Plug-and-Play Flaws Leave Millions of Devices Vulnerable: Researchers
More than 50 million Internet addresses house a device that is vulnerable to one of three known flaws in the Universal Plug-and-Play (UPnP) protocol, according to vulnerability management firm Rapid7.
Taking a page from their previous research on video-conferencing systems, Rapid7 researchers scanned the entire addressable Internet looking for devices that responded to UPnP requests. A variety of systems—from routers to network printers to Internet-connected cameras—behind more than 80 million addresses, or about 2.2 percent of the Internet, were found to be vulnerable, HD Moore, chief security officer for Rapid7, said in a blog post on the research.
"The results were shocking to say the least," he wrote. "All told, we were able to identify over 6,900 product versions that were vulnerable through UPnP. This list encompasses over 1,500 vendors and only took into account devices that exposed the UPnP SOAP (Simple Object Access Protocol) service to the Internet, a serious vulnerability in and of itself."
To conduct their survey, Rapid7's researchers scanned every routable IP address on the Internet each week for almost six months. The company found that devices running at 81 million unique IP addresses responded to universal plug-and-play requests, with 50 to 60 percent believed to be vulnerable to at least one remotely exploitable flaw. More focused scans of the systems found that about 17 million devices exposed the authentication layer, known as UPnP Simple Object Access Protocol (SOAP), to the Internet. Those devices could be attacked through the firewall, Rapid7 stated in a research report.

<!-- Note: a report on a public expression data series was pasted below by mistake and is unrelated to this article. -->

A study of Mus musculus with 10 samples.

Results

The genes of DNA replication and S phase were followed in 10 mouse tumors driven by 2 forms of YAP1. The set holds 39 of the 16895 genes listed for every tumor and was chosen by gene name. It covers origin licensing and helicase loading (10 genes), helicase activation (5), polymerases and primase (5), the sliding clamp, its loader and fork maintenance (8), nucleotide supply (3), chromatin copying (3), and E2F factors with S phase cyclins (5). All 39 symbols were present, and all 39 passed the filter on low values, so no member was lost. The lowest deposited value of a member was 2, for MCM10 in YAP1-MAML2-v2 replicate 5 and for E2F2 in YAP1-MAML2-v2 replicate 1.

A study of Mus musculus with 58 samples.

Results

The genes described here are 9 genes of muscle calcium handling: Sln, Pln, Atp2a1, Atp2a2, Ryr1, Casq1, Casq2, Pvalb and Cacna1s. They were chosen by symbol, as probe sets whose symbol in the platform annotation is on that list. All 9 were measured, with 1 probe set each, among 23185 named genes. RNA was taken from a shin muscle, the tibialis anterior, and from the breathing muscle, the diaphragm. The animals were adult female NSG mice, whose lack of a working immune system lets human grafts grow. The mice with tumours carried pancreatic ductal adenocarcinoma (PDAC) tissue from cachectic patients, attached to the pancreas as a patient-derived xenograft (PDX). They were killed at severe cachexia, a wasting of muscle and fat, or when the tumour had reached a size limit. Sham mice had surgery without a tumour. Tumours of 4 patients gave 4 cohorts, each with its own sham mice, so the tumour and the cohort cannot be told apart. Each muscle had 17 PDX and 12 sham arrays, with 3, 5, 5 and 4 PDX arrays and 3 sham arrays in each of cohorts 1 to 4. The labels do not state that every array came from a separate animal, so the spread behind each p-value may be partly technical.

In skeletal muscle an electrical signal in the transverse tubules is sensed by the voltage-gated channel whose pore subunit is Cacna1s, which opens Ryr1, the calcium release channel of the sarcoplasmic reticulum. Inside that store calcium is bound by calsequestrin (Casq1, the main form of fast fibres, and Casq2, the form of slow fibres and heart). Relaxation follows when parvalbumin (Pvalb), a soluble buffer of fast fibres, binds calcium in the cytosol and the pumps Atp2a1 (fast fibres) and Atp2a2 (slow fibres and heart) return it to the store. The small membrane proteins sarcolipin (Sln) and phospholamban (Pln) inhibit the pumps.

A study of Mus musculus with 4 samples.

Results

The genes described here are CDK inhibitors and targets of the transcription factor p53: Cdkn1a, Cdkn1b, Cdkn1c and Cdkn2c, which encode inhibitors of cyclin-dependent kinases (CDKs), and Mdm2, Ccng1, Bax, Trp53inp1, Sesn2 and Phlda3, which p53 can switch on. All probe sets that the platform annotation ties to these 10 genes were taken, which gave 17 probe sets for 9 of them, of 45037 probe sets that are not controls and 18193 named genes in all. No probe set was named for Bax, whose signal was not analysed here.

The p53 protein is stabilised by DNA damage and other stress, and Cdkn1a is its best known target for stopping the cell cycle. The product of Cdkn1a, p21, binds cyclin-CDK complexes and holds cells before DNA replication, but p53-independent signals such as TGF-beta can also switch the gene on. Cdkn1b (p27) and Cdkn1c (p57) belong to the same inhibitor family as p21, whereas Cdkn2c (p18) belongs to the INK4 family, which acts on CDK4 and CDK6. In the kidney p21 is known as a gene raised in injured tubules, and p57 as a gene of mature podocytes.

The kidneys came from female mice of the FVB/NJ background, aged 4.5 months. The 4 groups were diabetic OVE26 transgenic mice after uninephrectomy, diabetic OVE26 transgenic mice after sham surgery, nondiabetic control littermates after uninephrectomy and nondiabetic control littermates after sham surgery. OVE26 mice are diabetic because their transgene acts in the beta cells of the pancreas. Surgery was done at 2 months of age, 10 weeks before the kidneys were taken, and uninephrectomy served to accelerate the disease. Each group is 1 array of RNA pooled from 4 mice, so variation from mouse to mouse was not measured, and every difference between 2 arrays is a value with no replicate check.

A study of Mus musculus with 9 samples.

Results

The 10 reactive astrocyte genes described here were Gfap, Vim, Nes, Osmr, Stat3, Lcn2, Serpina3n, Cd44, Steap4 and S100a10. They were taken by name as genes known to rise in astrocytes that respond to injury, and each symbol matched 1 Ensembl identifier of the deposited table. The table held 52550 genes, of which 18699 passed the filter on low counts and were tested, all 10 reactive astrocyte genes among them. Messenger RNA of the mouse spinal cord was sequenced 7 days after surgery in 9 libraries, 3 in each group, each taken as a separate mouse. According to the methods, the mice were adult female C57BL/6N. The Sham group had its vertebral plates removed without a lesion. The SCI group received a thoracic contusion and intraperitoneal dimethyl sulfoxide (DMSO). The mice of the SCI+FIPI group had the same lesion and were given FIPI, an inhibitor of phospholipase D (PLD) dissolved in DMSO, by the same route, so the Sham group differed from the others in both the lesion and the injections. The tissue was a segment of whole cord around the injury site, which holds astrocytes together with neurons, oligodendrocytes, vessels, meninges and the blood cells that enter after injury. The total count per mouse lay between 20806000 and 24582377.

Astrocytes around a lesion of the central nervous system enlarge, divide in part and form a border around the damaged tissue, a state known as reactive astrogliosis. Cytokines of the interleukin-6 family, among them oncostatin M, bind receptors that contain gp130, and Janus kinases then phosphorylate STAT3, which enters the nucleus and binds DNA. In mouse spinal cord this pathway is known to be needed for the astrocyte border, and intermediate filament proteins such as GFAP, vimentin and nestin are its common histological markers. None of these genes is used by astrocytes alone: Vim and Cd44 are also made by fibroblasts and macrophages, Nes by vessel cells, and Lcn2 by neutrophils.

"This level of exposure far exceeded the expectations of the researchers," Moore stated in the blog post.
The company urged Internet service providers and businesses to takes stock of their UPnP-enabled devices and evaluate them for risk. The vulnerabilities allow the devices to be remotely attacked, Moore said.
"We strongly suggest that end users, companies and ISPs take immediate action to identify and disable any Internet-exposed UPnP endpoints in their environments," he wrote. "UPnP is pervasive. It is enabled by default on many home gateways, nearly all network printers and devices ranging from IP cameras to network storage servers."
Internet service providers should consider pushing an update to ISP-managed consumer devices to disable UPnP and, if the feature cannot be turned off, to consider replacing the devices. Businesses should scan their networks for vulnerable devices. Rapid7 provides a free scanner to enable businesses to find vulnerable devices so they can update the software or upgrade the device to mitigate the vulnerability.
While the company worked with the Computer Emergency Response Team Coordination Center (CERT/CC) to notify vendors, Rapid7 held out little hope that the flaws would be eradicated.
"Unfortunately, the realities of the consumer electronics industry will leave most systems vulnerable for the indefinite future," Moore wrote. "For this reason, Rapid7 strongly recommends disabling UPnP on all Internet-facing systems and replacing systems that do not provide the ability to disable this protocol."